The Illusion of Analyticity Part 3: Grice and Strawson’s Objections

Attacking Quine’s collapse of analyticity

All too often high quality assignments from coursework ends up gathering dust on shelves or in forgotten folders. In an effort to publicize some of my work, this is part three of my final paper from an Epistemology course this past semester.

Part One, Part Two

While this is primarily meant for an audience with a working understanding of epistemology, I’ll provide relevant links to explain common terms. The paper primarily deals with the distinction between analytic and synthetic truths, so skimming through that explanation will be useful.


Quine’s radical view collapsing the widely recognized distinction between analytic and synthetic truths is not without objections, and Grice and Strawson’s paper In Defense of a Dogma refutes Quine’s demands for a satisfactory explanation of analyticity. Their objections are twofold:

GS1. analyticity is both philosophically and practically useful

GS2. Quine’s demands for a satisfactory explanation are too high

Through these two objections, Grice and Strawson attempt to weaken Quine’s impact on analyticity and prove the existence and need for a distinction between analytic and synthetic truths.

With GS1, Grice and Strawson highlight potentially absurd conclusions when denying the existence of analyticity as well as the distinction’s philosophical usefulness. The practically absurd conclusions when denying analyticity occur when trying to evaluate statements of meaning against each other. Consider the following:

5. unmarried man means the same as bachelor

5a. unmarried man does not mean the same as unhappy

Intuitively, (5) and (5a) do not seem to be the same kind of statement. (5) seems to be true without further explanation while (5a) demands further proof. However, GS1 argues that without the concept of analyticity both (5) and (5a) require the same sort of justification. In practical matters, this seems to put one at a disadvantage when evaluating these statements. It seems to leave one in the absurd position of trying to find justification for (5), where no justification exists other than the words involved. GS1 highlights that Quine’s denial of analyticity disregards the notion of meaning in the first place, implying that statements of meaning lack any explanatory value over any other belief. This leads one to absurd consequences of denying any distinction between “means the same as” and “does not mean the same as” (Grice and Strawson 145).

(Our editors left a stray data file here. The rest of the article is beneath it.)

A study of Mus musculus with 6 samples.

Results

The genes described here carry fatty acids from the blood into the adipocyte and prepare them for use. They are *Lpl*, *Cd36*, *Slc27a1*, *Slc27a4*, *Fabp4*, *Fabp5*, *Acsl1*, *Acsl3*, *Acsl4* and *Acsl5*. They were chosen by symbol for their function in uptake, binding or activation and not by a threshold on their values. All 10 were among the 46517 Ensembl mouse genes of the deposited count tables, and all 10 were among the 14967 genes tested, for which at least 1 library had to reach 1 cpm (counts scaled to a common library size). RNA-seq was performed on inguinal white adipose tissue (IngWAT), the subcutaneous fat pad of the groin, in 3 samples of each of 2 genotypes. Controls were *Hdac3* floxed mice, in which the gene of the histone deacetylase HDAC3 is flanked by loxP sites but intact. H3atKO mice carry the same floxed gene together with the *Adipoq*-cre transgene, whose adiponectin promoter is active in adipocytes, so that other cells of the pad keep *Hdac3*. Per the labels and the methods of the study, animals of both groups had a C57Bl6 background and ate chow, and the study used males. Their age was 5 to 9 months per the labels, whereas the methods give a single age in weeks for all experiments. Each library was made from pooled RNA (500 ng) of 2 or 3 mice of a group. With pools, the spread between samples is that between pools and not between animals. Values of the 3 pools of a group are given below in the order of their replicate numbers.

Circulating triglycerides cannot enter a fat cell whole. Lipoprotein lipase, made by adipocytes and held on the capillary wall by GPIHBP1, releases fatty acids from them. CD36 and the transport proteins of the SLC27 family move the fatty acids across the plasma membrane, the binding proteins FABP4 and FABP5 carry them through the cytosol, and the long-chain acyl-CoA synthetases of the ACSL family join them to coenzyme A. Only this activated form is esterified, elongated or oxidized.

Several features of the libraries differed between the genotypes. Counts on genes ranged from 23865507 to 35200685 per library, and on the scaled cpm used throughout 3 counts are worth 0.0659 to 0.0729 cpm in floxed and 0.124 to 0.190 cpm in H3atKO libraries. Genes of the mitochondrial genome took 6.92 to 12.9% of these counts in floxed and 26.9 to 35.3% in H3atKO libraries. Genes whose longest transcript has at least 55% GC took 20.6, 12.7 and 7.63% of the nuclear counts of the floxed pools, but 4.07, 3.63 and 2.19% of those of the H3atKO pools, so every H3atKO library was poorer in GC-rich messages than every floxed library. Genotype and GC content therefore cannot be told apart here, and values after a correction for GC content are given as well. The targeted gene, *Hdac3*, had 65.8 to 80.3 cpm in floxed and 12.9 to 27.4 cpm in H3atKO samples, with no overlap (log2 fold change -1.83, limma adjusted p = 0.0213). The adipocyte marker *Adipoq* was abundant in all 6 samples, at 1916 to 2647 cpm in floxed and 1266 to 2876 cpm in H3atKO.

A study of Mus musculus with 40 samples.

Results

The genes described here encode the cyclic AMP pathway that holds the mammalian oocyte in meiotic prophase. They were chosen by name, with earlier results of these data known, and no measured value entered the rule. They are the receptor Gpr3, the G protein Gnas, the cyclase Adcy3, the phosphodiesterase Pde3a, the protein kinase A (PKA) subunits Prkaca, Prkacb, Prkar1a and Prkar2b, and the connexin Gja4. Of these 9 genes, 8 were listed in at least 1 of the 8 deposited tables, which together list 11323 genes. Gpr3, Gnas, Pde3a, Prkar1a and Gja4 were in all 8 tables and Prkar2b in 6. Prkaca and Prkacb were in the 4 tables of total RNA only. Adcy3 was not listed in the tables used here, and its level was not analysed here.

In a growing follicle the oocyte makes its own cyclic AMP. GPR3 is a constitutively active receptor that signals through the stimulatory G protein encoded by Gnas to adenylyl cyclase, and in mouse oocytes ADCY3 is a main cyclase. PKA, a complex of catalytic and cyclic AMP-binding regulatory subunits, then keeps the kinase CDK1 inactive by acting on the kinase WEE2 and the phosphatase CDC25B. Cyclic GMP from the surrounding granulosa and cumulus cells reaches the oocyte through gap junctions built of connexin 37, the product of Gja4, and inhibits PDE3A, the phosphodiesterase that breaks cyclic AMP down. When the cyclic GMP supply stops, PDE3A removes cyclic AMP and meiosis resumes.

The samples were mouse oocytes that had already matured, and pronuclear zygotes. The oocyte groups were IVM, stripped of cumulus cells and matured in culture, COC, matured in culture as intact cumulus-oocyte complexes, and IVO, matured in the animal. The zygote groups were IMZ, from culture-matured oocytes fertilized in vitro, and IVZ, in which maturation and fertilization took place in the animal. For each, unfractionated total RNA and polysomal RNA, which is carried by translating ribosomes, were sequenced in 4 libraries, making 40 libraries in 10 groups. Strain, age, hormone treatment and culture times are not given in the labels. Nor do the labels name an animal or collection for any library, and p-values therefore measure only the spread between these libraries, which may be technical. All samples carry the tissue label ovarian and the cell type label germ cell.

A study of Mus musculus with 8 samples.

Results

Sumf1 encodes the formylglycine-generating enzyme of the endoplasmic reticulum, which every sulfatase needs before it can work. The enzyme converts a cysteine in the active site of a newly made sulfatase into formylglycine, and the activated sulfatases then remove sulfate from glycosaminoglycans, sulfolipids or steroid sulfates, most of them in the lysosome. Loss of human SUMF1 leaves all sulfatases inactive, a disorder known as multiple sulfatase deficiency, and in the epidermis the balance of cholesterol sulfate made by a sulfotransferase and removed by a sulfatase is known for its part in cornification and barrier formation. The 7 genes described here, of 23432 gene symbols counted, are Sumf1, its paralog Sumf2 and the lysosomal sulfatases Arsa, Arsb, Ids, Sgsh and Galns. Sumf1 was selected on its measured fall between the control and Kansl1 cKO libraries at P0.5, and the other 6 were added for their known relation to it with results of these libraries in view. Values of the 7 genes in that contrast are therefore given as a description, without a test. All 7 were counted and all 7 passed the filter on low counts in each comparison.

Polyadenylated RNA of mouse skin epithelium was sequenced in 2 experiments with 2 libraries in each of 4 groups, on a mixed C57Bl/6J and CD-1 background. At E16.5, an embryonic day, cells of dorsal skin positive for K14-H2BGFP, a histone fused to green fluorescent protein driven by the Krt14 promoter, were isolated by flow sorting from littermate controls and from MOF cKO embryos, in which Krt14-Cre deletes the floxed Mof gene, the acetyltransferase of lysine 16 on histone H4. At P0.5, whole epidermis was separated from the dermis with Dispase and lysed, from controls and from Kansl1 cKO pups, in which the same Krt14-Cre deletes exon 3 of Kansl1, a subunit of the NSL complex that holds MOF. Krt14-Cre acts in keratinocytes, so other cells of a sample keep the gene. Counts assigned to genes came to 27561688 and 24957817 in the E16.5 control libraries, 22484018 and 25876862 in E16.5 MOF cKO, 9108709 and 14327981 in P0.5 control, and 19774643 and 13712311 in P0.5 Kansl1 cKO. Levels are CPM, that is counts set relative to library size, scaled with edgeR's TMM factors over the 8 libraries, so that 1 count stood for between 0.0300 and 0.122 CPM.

In addition to the practical absurdity highlighted in GS1, Grice and Strawson also provide a demonstrative defense of analyticity. Many epistemological theories draw at least in part from the intuitive distinction between analytic and synthetic truths. Considering Feldman’s Modest Foundationalism (MF) as one example, all individual beliefs rely at some point on either direct response to experience or analytic truths. MF handles classical problems in epistemology and provides an account for knowledge that’s at least worthy of strong consideration. It also relies on analyticity as a source of basic beliefs that provide justification for other beliefs. Yet Quine completely denies the existence of analyticity, which functions critically in MF’s description of knowledge. Outright denying analyticity presumptuously denies MF by undercutting it without confronting its demonstrated usefulness as an epistemological theory. Other accounts of knowledge also rely on analytic truths to explain at least a portion of one’s justification, but Quine’s denial ignores the appeal and intuitive sense of these accounts simply undercutting them instead of confronting their epistemological merits.

Analyticity’s philosophical usefulness leads right into GS2, a criticism of Quine’s high standards for a satisfactory explanation. Grice and Strawson argue that it’s unclear from Two Dogmas that any explanation could possibly satisfy Quine’s steep requirements for a satisfactory explanation. In addition, it seems that the existing, unsatisfactory explanation provides sufficient clarity for wide consensus among philosophers. While analyticity might not be perfectly explicated, according to Grice and Strawson, it is defined clearly enough for wide use among philosophers. Many epistemological theories use the analytic distinction consistently, showing very little of the illusory quality Quine identifies.

GS2 also criticises Quine on the grounds that his inability to find a satisfactory explanation does not imply that one does not exist. Ruling out definition, interchangeability, and semantic rules as explanations for analyticity does not logically entail that no other potential satisfactory explanation exists. Quine ruled out three potential explanations for analyticity, but did not imply that analyticity itself does not exist. Critically, this shifts even the most generous consequences of Quine from collapsing analyticity to merely calling it into question. Combined with analyticity’s practical and philosophical usefulness, Grice and Strawson’s criticism seems to seriously call into question whether Quine in fact accomplishes anything in terms of analyticity.

Part 4: Defense of Quine


Feldman, Richard. Epistemology. 2003. Print.

Grice, H.P and Strawson, P. F. “In Defense of a Dogma.” Philosophical Review, vol 65 (2), p. 141–158. 1956. Print.

Quine, Willard V. O. Two Dogmas of Empiricism.” Philosophical Review , vol 60 (1), p. 20–43. 1951.